Saint Francis of Assisi and Compassion for Animals

There are basically two distinct schools of Christian thought: The Aristotelian-Thomistic school and the Augustinian-Franciscan school.

The Aristotelian-Thomistic school teaches that animals are here for our pleasure—they have no independent purpose. We can eat them; torture them in laboratories – whatever we feel is necessary for our survival. Most modern Christians embrace this form of their religion.

The Augustinian-Franciscan school, however, teaches that all living beings are brothers and sisters under God’s fatherhood. Based largely on the teachings of St. Francis, this platonic worldview fits neatly within the vegetarian perspective.

St. Francis felt a deep kinship with all of creation, addressing it as a “brother” or “sister,” firmly believing that everything came from the same creative Source.

His great compassion and respect for the animal world also manifest in his expression of hospitality during Christmas (1223):

And on Christmas Eve, out of reverence for the Son of God, whom on that night the Virgin Mary placed in a manger between the ox and the ass, anyone having an ox or an ass is to feed it a generous portion of choice fodder. And, on Christmas Day, the rich are to give the poor the finest food in abundance.

Indeed, St. Francis’ respect for creation appeared to have no boundaries. It is said that he once removed worms from a busy road and placed them to the side so they would not be crushed under human traffic.

When mice ran over his table as he took his meals or over his body while he slept, he regarded the disturbance as a “diabolical temptation” which he met with patience and restraint, indicating his compassion towards other living creatures.

The Catholic Encyclopedia comments on his compassion:

St. Francis’ gift of sympathy seems to have been wider even than St. Paul’s, for we find no evidence in the great Apostle of a love for nature or for animals ... Francis’ love of creatures was not simply the offspring of a soft sentimental disposition. It arose from that deep and abiding sense of the presence of God. To him all are from one Father and all are real kin ... hence, his deep sense of personal responsibility towards fellow creatures: the loving friend of all God’s creatures.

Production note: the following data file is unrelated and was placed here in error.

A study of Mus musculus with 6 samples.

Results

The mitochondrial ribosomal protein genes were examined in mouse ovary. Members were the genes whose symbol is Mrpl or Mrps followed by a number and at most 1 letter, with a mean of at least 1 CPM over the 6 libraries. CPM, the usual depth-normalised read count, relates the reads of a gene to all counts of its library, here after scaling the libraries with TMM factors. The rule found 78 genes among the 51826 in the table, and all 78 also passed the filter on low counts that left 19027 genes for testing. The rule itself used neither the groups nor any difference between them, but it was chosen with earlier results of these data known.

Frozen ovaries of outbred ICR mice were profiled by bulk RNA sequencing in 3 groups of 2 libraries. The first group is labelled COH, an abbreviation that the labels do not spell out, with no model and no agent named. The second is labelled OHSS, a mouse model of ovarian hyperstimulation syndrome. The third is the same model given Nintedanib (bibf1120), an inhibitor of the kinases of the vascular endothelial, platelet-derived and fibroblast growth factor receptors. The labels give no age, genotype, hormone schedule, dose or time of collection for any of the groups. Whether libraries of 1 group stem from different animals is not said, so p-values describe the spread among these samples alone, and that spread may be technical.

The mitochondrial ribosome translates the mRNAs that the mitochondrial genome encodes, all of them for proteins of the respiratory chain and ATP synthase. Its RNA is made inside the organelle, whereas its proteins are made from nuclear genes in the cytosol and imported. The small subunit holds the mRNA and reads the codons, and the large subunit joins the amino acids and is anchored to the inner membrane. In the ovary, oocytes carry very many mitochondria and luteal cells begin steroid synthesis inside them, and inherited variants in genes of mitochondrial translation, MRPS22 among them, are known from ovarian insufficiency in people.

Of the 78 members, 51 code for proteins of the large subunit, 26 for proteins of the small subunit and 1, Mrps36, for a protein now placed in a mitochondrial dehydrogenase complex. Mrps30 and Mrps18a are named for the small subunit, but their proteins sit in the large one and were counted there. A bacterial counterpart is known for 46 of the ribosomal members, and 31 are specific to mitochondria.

According to St. Francis, a lack of compassion for animals leads to a lack of mercy towards humans. “If you have men who will exclude any of God’s creatures from the shelter of compassion and pity, you will have men who will deal likewise with their fellow men,” he said.

These wise words ring true in a modern world that kills tens of billions of animals annually. It appears that a nonchalant attitude towards animals could indeed be the root cause of an indifference to the fact that nearly one billion humans go hungry every day.

The Reverend Basil Wrighton, who served as Chairman of the Catholic Study Circle for Animal Welfare in London, during the 1960s, called St. Francis “the greatest gentleman that Christianity has produced, in the strictest sense of the word.” Reverend Wrighton himself was a remarkable figure, writing in favor of vegetarianism, against animal experimentation, decades before the contemporary movement for animal rights emerged.

According to the Reverend Alvin Hart, an Episcopal priest in New York:

Many Georgian saints were distinguished by their love for animals. St. John Zedazneli made friends with bears near his hermitage; St. Shio befriended a wolf; St. David of Garesja protected deer and birds from hunters, proclaiming, ‘He whom I believe in and worship looks after and feeds all these creatures, to whom He has given birth.’ Early Celtic saints, too, favored compassion for animals. Saints Wales, Cornwall and Brittany of Ireland in the 5th and 6th centuries AD went to great pains for their animal friends, healing them and praying for them as well.

One of the many anomalies of so-called civilized society is the convenient justification of some people to eat certain socially-acceptable forms of meat while simultaneously working to protect animals. Otoman Zar-Adusht Ha’nish*, said it this way:

It is strange to hear people talk of humanitarianism, who are members of societies for the prevention of cruelty to children and animals, and who claim to be God-loving men and women, but who, nevertheless, encourage by their patronage the killing of animals merely to gratify the cravings of appetite.




Thank you--I know the 'automatic' part does not always happen, so it is best to include it so we are sure to have the right information. Thanks, Paul ~ Blessings!

Comment by Paul Rodney Turner on July 1, 2014 at 10:37am

Hi Kathy, I thought my bio was automatically attached to the articles I submit. 

Comment by Kathy Custren on June 30, 2014 at 10:53pm

Hi, Paul, and thank you for your article, which is being recommended to the publishers. Could you please be sure to add a brief bio paragraph at the end? Thank you ~ Blessings!